Fred Fox Jr. inadvertently helped create one of the most infamous TV phrases of all time when he wrote the Happy Days episode "Hollywood 3." That phrase, since used thousands of times to describe dozens of TV shows that went from good to bad, is "jump the shark."
Wikipedia has this to say about it: "Jumping the shark is an idiom used to describe the moment of downturn for a previously successful enterprise. The phrase was originally used to denote the point in a television program's history where the plot spins off into absurd storylines or unlikely characterizations. These changes were often the result of efforts to revive interest in a show whose audience had begun to decline, usually through the employment of different actors, writers or producers."
It comes from the episode in which Fonzie went to Hollywood and had to jump a shark -- on water skis, not his motorcycle -- in order to defeat a local rival for, well, some important reason at the time. It's generally considered the point when Happy Days went from a must-watch show to a can't-watch show.
Science fiction fans briefly co-opted the phrase for Indiana Jones and the Kingdom of the Crystal Skull, when they took the idiom a step further (or maybe backward), substituting "nuked the fridge" as an alternative to "jumped the shark." (That doesn't seem to be sticking around in any meaningful way, however.)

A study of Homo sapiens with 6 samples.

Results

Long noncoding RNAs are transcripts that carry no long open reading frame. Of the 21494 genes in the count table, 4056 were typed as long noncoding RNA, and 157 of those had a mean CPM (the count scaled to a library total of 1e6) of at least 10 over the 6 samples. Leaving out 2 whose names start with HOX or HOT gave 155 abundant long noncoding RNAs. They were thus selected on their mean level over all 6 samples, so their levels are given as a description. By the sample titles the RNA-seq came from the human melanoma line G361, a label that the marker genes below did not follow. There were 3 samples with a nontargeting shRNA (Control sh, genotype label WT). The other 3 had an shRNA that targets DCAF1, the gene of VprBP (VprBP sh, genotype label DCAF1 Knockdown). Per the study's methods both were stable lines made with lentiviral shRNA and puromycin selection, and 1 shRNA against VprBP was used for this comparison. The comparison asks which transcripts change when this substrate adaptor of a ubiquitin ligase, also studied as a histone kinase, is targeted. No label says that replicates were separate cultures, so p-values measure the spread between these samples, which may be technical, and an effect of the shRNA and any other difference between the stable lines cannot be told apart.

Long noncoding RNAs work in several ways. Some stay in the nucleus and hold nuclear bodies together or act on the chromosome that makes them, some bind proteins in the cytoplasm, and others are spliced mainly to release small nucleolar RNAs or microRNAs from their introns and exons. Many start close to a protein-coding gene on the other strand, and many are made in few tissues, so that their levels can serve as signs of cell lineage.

But Fox doesn't know why his Happy Days scene has come to mean the decline of something, and he just wrote an editorial in the L.A. Times defending himself.
Which brings us to the question: Was the "Hollywood 3" episode of "Happy Days" deserving of its fate?
No, it wasn't. All successful shows eventually start to decline, but this was not "Happy Days'" time. Consider: It was the 91st episode and the fifth season. If this was really the beginning of a downward spiral, why did the show stay on the air for six more seasons and shoot an additional 164 episodes? Why did we rank among the Top 25 in five of those six seasons?
That's why, when I first heard the phrase and found out what it meant, I was incredulous. Then my incredulity turned into amazement. I started thinking about the thousands of television shows that had been on the air since the medium began. And out of all of those, the "Happy Days" episode in which Fonzie jumps over a shark is the one to be singled out? This made no sense.
He even said the episode was a "huge hit" when it aired, with more than 30 million viewers (though he also says he doesn't remember who actually came up with the idea). All that said, he realizes "jump the shark" is not going away anytime soon, so he's found a way to make peace with it.
The day after I started writing this article, my sister Jan was meeting our friend Vicki at a movie screening. Jan mentioned I had written the episode of "Happy Days" where Fonzie jumped the shark and was working on a piece about it for the Los Angeles Times. A young man in his 20s at the reception table overheard and looked at her in disbelief. "Your brother wrote the jump the shark episode?" he said. "Awesome!"